A new day, a new rideshare, a new challenge. Dockless electric scooters popped up around Miami without warning this April. The scooters, placed around the city by Lime and later by Bird, are the latest in rideshare tech. The electric scooters can be picked up from wherever they are by commuters who have signed up on the respective apps; all they have to do is scan the barcode on the scooter, ride, and pay.
More on scooter accidents
At least, that’s all you had to do – the scooters have all been removed as of June 21st. Miami-Dade issued the two companies a cease and desist order after the scooters were found in violation of multiple Florida Statutes. The county is specifically concerned with the scooters obstructing public walkways and making it more difficult for people to maneuver sidewalks, thereby leading to accidents and injuries. This is a concern when the vehicles are left randomly around the city, but also when ridden on sidewalks where they endanger pedestrians. The scooters can reach up to 15 miles per hour, making them too slow for the road and too fast for sidewalks, which are meant to be pedestrian-only. The police also expressed concern over the new transit option as they’re worried about citations and how to regulate the scooters under existing laws.
One of the biggest fears for everyone: accidents and injuries. There are many types of accidents that can happen with the new scooters; riders can be injured and injure others as they ride through the city. The first concern for injury is that riders can get injured while commuting. While Bird has been clear that passengers are told to wear a helmet before riding, there is no check in place. If a rider falls and is injured, there are currently no laws in place to cover who is liable.
Establishing who is at fault in the case of a rideshare scooter accident will depend almost entirely on the cause of the accident and effective notifications from the company to the riders regarding safe practices. Using the helmet example, if a rider doesn’t own a helmet, isn’t provided with a helmet, and has no knowledge that they need one, then the onus is on the company. On the other hand, if helmets are provided and riders are reminded to wear them each time they book a ride, the onus may be on the rider.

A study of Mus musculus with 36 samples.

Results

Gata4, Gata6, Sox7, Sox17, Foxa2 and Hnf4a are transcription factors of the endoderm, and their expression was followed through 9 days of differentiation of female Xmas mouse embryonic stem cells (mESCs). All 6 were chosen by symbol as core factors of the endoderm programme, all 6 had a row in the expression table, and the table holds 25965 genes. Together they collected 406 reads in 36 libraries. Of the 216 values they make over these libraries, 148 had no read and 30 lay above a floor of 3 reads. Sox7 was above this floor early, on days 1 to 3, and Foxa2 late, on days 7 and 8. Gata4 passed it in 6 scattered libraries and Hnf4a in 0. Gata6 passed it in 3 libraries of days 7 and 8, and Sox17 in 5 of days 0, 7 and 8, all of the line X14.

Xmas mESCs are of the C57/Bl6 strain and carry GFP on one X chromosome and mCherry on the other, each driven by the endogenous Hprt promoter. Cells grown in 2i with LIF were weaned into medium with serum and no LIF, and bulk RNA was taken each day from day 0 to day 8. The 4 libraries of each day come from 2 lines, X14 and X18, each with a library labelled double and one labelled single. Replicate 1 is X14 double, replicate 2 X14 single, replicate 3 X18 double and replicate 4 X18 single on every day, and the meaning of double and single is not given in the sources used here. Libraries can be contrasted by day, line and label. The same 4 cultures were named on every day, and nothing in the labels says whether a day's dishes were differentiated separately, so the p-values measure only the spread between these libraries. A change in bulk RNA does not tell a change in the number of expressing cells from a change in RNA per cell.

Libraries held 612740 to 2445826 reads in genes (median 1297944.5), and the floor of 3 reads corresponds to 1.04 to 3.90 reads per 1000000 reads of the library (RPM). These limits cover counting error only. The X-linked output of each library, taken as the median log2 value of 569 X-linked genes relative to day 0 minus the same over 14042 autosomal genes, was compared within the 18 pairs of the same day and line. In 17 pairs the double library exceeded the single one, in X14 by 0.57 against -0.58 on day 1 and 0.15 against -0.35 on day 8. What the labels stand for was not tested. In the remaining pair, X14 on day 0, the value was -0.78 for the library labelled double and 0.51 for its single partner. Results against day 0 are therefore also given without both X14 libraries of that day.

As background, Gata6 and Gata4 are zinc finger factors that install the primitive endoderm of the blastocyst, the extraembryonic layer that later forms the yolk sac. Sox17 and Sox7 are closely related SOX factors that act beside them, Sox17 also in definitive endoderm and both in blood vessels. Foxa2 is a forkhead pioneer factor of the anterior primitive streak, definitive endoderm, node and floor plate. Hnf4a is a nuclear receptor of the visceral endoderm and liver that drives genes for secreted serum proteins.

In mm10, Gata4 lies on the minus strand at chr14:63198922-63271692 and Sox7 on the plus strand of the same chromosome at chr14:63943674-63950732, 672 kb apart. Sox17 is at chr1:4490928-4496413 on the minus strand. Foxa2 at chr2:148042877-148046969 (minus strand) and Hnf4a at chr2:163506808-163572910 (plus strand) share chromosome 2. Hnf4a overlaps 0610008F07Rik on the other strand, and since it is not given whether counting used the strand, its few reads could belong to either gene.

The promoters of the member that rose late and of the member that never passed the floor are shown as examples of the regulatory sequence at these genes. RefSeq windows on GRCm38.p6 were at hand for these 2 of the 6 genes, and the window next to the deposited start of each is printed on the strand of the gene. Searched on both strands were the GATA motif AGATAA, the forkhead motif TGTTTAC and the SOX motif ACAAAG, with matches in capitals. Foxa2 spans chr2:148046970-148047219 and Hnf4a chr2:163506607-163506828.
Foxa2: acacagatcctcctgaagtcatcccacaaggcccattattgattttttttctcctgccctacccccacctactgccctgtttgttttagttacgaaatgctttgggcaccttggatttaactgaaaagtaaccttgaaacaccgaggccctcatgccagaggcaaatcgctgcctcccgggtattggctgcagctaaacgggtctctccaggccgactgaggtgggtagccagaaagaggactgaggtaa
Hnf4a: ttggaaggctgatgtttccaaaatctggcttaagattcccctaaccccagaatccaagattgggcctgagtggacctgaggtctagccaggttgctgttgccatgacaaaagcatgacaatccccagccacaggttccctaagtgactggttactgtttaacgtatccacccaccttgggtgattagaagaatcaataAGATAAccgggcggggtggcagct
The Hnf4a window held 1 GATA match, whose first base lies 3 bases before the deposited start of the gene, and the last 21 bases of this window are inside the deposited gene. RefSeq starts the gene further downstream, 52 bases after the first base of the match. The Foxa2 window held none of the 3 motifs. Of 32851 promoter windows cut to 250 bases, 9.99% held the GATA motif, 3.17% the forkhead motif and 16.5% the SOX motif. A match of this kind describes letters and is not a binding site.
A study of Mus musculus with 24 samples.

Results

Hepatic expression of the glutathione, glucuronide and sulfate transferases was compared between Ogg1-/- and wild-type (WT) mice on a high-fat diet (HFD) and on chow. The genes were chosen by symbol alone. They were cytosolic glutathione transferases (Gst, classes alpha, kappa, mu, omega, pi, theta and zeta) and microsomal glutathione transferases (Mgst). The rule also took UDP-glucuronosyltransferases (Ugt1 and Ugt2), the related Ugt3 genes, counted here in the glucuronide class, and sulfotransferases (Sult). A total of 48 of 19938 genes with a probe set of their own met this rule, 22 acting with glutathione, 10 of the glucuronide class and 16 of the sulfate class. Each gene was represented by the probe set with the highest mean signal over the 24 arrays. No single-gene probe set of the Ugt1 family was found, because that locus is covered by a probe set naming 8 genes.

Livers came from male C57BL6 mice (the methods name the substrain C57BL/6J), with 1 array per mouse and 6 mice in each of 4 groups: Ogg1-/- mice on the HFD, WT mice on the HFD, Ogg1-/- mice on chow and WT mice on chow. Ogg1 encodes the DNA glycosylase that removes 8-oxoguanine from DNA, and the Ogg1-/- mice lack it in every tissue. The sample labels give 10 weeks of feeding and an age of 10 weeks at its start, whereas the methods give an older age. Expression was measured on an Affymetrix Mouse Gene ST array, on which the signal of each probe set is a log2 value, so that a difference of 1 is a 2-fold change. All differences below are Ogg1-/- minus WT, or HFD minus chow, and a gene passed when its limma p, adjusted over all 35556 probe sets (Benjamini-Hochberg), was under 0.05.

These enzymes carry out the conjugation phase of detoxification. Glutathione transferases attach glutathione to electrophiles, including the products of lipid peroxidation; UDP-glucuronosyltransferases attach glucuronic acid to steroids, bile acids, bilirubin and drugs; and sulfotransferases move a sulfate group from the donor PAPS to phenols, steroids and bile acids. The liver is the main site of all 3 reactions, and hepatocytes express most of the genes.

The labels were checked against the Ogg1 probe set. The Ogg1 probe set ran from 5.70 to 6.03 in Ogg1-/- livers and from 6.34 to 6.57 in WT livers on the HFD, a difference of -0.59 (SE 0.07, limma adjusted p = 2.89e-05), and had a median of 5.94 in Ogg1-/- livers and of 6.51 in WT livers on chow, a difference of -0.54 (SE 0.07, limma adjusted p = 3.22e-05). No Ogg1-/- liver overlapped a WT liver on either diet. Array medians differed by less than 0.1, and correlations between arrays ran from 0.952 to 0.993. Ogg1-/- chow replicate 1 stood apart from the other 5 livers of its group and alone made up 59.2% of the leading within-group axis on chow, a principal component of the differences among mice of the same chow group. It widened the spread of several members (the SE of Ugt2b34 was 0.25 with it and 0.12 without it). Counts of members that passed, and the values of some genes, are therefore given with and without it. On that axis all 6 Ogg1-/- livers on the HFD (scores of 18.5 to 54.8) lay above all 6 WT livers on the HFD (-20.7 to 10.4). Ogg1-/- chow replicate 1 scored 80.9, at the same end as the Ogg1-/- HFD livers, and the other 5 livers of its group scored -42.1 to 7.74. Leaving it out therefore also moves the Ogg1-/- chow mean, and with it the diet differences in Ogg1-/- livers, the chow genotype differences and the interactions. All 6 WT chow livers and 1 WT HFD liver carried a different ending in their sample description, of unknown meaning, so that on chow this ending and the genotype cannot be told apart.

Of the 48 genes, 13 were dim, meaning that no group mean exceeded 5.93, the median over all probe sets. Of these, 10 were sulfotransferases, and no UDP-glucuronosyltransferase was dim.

Another issue is if a rider causes an accident with another vehicle or a pedestrian. What happens if the rider doesn’t have insurance? In this situation, the companies distributing the scooters may also face exposure to a personal injury lawsuit. They provided vehicles to people without necessarily checking their driving history, without making sure they know the rules of the road for scooters, and arguably without working with the city to prevent transit hazards.
There’s no question: if the scooters are used there will be an accident. Who would be responsible for that accident, is as uncertain as ever. The temporary removal of the scooters will give Miami-Dade County a bit of time to create legislation, but how long they can keep the scooters out if the city is questionable.
If you or someone you know have been injured in an accident involving a rideshare bike or scooter, Aigen Injury Law, is here to assist you. Please do not hesitate to submit an online FREE CASE REVIEW. At Aigen Injury Law, an experienced lawyer is available 24 hours a day, seven days a week working on behalf of victims who suffer injuries or death from all types of accidents. We offer a free consultation for your personal injury case and there is no fee unless we recover for you.